Lisa Kurt


Lisa Kurt is the engineering and emerging technologies librarian in the DeLaMare Science and Engineering Library on the University of Nevada, Reno campus. DeLaMare recently became the first academic library to have a 3-D printer, which students and faculty can use to print 3-D objects—such as cell phone cases or models of engines—using open source designs.

How did you decide to bring this into the library?

It was quite a process. 3-D printers have been popular recently, especially with the MakerBot, but we wanted printers that could handle a lot of student use. We thought, “Wow, this is a game changer.” You could perceive it as a toy, but it’s so much more. The potential that 3-D printing brings for all kinds of fields of study—and even play too, which is totally valid and valuable—I think it’s really amazing. And to us, it’s really a no-brainer. It’s how we think. I kind of thought, why wouldn’t you want it? Why wouldn’t you want to get in early? There’s so much excitement, and the whole D.I.Y [do-it-yourself] movement across the country, and the whole maker movement in the country and internationally. To me, I just feel like we want to be part of it. And there is definitely a place at the table for libraries. Higher education is changing, learning is changing, and so we need to not just stay relevant, but be active and engaging users and students and whoever it is who is part of our community. So this is a really easy way to engage them because it immediately begins a conversation. They walk by, they see it, they stop, they turn around, and they start asking questions. Little kids get it, like immediately.

You can play with the items it prints. Kids seem to understand how cool that is.

Right. It is. It’s like the power of holding something that you’ve made in your hands, in whatever way—it doesn’t have to just be 3-D printing, but 3-D printing is a good way to achieve it. And so when you’re holding something in your hands that you’ve created, there’s something really powerful about that. Because immediately, you kind of go, “What else can I do?” or “How can I make this better?” And so it’s kind of a jumping off point for further exploration and learning, and that’s huge.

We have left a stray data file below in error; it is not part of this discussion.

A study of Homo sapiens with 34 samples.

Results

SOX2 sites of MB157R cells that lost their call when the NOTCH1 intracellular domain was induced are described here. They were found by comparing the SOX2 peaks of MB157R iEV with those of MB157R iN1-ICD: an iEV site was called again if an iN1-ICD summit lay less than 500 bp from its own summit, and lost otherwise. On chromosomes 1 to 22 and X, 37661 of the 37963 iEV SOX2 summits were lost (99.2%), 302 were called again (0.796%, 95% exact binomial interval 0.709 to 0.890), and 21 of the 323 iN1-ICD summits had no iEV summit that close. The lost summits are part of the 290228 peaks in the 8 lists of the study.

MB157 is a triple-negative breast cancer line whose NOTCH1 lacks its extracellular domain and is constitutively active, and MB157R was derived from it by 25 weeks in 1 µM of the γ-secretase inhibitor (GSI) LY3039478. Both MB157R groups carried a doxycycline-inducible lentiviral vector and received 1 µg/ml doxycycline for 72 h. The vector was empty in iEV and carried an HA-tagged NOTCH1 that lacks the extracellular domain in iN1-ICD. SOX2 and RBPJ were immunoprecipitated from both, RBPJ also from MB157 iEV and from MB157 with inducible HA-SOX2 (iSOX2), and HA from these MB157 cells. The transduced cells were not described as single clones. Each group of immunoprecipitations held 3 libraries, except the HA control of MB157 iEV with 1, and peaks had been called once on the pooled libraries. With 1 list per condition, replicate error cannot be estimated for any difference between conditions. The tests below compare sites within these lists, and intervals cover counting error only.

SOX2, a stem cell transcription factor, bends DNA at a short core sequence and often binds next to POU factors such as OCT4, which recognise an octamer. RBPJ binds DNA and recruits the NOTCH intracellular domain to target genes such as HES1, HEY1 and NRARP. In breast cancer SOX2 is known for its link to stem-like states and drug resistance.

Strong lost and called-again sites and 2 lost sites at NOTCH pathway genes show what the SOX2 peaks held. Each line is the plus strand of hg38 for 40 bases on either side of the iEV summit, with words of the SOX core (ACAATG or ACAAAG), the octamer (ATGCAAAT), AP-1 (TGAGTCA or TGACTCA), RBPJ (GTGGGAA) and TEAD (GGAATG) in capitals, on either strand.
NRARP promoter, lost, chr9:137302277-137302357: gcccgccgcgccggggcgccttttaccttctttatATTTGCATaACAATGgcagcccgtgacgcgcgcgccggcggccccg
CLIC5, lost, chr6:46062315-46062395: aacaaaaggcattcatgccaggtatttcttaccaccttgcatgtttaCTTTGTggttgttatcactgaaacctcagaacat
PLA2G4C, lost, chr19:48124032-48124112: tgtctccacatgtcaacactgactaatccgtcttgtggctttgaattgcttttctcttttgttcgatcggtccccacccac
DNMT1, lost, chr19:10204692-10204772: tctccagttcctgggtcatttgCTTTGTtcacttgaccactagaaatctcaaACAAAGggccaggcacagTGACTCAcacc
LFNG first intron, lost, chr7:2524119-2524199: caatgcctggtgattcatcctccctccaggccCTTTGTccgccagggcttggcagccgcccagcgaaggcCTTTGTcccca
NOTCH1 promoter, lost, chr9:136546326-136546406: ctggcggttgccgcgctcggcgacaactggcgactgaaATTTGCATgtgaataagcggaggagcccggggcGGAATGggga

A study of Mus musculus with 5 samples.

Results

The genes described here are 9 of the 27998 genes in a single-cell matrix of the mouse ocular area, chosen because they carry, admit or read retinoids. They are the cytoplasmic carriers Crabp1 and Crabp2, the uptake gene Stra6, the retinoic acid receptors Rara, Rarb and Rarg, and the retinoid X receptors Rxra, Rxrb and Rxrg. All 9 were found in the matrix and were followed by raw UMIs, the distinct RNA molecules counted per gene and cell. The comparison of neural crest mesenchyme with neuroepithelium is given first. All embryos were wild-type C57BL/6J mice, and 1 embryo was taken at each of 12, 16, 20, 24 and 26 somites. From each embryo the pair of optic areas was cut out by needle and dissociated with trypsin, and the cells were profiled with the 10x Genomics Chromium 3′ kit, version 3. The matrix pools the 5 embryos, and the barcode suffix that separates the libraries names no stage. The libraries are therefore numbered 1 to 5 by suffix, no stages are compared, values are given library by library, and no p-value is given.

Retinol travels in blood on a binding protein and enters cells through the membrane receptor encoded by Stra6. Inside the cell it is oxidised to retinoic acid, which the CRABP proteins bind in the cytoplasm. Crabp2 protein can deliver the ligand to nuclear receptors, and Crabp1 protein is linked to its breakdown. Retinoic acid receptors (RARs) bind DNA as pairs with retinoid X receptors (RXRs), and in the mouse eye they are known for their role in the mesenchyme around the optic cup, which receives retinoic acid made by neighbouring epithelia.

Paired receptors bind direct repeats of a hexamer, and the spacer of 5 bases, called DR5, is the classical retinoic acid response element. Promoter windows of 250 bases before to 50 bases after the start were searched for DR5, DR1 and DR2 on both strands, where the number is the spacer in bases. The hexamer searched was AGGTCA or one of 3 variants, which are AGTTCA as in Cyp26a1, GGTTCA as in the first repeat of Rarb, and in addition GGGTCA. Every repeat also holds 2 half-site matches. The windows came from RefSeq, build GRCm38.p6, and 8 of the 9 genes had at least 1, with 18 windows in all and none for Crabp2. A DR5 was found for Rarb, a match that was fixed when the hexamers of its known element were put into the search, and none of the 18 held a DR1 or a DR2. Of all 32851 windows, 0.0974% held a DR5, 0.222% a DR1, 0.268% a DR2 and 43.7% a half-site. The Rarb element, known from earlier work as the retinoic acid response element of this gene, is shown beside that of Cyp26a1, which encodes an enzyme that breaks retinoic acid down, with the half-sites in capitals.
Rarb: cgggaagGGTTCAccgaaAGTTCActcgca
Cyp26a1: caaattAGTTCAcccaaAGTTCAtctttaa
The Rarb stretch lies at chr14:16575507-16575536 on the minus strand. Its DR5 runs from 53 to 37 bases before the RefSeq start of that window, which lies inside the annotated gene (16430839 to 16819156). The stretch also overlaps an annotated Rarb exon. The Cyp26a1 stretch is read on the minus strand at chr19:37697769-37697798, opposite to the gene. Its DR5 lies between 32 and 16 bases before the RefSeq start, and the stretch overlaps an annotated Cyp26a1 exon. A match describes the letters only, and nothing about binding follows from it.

Do you envision 3-D printers in other libraries or creative spaces?

I suspect it won’t be long. It fits so well in the DeLaMare Library because we already serve people who are using this technology. A lot of engineers are already working in 3-D. They are using the software and building prototypes. Right now their method of printing has essentially been like sending it out and paying, and waiting, and getting it, and saying “Oh, that’s not quite right” or “That works.” This is nice, because it brings it in, and other people on campus can use it as well … like the art department. The art department had a MakerBot and was doing 3-D printing with some of its classes. It would be great to bring in more of the artists and the art department. I think that’s really powerful, getting the engineers together with the artists, getting the designers together with the journalism school, having all these different people together. I think learning has always been going toward that interdisciplinary way. I think working is going that way, too. There’s power in that, too, with different perspectives. … You may have your specialty, but it’s good to dabble in other things. It makes you a stronger person. It keeps you fresh.